Thanksgiving gathering tips from one of Boston’s top infectious disease doctors

BOSTON — Thanksgiving is right around the corner, and while it will be a lot different than last year when COVID-19 rates were at one of the highest periods of the pandemic, that doesn’t mean the threat of COVID has gone away.

Dr. Paul Sax, the Clinical Director of the Division of Infectious Diseases at Brigham and Women’s Hospital says even though COVID is still out there, this Thanksgiving will feel more normal. Still, he says that doesn’t mean we can totally let our guards down either.

So what will it look like?

Initially this year, the CDC’s holiday guidance was still to hold a virtual Thanksgiving or to use a window fan if they were going to have an indoor Thanksgiving. But in a cold climate like New England, is that really realistic?

Dr. Sax says if you can bear it, there is science behind it.

“I do feel like an attention to ventilation makes sense if you have a room that has doors that can be closed, keep those doors open, and if it’s tolerable use a window fan,” he says.

What about relatives flying in from out of town? Is it safe to host them? Dr. Sax says that’s ok as long as the guests are vaccinated, and if they have a negative rapid test the day of the gathering.

Most families have an adult table and a kid table for the holidays. So with kids ages five and up now eligible for the vaccine — although they likely won’t be fully vaccinated by Thanksgiving — is a kid table ok?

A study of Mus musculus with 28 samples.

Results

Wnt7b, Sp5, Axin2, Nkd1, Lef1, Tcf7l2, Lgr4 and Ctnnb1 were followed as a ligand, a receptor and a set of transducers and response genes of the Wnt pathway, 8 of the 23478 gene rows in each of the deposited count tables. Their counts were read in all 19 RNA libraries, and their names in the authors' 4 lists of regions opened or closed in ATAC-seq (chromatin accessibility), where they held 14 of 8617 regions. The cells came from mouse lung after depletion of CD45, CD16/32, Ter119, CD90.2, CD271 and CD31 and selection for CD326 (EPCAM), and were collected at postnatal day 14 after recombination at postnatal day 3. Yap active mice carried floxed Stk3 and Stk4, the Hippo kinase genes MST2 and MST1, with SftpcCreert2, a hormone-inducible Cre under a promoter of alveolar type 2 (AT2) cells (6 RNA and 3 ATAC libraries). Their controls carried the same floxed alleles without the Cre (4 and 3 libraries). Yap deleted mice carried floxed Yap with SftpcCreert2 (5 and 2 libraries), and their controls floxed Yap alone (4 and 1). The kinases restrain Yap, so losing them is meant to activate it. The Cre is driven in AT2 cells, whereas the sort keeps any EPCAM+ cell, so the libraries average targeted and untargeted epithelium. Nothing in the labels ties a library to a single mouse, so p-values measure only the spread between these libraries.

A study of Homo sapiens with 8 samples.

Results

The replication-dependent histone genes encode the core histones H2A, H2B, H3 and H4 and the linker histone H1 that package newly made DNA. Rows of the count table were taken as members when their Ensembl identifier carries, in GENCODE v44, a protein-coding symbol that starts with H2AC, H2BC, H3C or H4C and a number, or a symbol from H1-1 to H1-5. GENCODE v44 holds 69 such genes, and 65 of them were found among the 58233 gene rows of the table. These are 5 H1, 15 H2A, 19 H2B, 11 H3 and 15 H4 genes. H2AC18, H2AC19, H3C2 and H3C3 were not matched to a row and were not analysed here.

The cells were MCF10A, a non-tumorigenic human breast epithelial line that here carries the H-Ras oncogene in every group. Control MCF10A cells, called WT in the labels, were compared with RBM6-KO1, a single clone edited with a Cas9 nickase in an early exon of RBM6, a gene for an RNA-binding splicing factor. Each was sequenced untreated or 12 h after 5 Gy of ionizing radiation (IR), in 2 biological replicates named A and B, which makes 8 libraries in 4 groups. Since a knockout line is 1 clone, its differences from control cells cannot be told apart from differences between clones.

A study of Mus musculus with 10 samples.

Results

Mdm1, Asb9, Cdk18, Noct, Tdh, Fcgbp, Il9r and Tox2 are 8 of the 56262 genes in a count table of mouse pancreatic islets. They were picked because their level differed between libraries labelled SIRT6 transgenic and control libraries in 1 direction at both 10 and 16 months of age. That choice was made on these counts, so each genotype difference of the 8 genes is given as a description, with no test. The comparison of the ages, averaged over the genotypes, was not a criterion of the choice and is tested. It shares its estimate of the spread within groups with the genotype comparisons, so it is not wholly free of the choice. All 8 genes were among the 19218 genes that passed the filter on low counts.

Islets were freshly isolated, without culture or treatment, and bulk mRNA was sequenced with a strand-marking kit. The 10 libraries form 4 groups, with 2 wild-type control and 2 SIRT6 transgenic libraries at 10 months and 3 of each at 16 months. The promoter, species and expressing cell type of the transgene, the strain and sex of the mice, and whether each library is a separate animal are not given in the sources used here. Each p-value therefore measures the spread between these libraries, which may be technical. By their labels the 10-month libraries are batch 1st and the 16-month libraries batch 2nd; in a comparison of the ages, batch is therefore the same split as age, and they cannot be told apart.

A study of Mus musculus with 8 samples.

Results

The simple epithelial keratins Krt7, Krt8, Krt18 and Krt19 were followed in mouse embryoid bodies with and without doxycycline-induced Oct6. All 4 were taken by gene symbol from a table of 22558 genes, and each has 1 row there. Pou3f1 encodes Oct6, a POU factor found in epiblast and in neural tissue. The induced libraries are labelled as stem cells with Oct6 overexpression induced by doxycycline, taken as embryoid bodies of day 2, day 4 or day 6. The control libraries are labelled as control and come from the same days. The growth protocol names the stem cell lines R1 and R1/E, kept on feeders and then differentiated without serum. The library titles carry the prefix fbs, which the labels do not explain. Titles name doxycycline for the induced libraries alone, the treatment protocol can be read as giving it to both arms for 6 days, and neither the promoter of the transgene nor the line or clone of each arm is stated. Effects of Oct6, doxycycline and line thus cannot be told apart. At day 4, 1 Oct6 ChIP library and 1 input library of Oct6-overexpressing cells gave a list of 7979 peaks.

“Well a kid table of vaccinated kids, absolutely,” says Dr. Sax. “A kid table mixing vaccinated and unvaccinated kids. Does it make sense? I’ll leave that to you to decide,” he said.

Thanksgiving is also typically a gathering where there are generations of family members sitting at the table together. So if your family includes grandparents as well as younger children or even babies, what are the rules for being affectionate?

Dr. Sax reminds us that babies can get COVID-19. The good news, though, is they tend not to get very sick from it, he says, although the question remains if babies can end up transmitting the virus to others? Dr. Sax’s advice is to exercise judgment about who’s going to mix with a baby and tell grandparents with underlying health conditions or who are immunocompromised at your gathering to “love on the grandkids from afar.”

And remember last year when we were told to quarantine for two weeks before Thanksgiving?

Dr. Sax says it’s still not a bad idea to lay low and say “no” to invitations like playdates and birthday parties leading up to Thanksgiving if you plan on being around any relative who is immunocompromised.

He says given the shorter incubation period that we’ve seen with the Delta Variant, that quarantine period could be more like seven to ten days, rather than two weeks.

Finally, Dr. Sax recommends having people test the day before Thanksgiving and the day of with an at-home COVID test.

He recommends either the “Binaxnow,” at-home test made by Abbott labs or Quidel at-home test. He says he is in no way affiliated with the companies. They’ll cost you around $25 for a set of two. He says they’re pretty accurate and if they come back negative, you should feel more comfortable not wearing masks.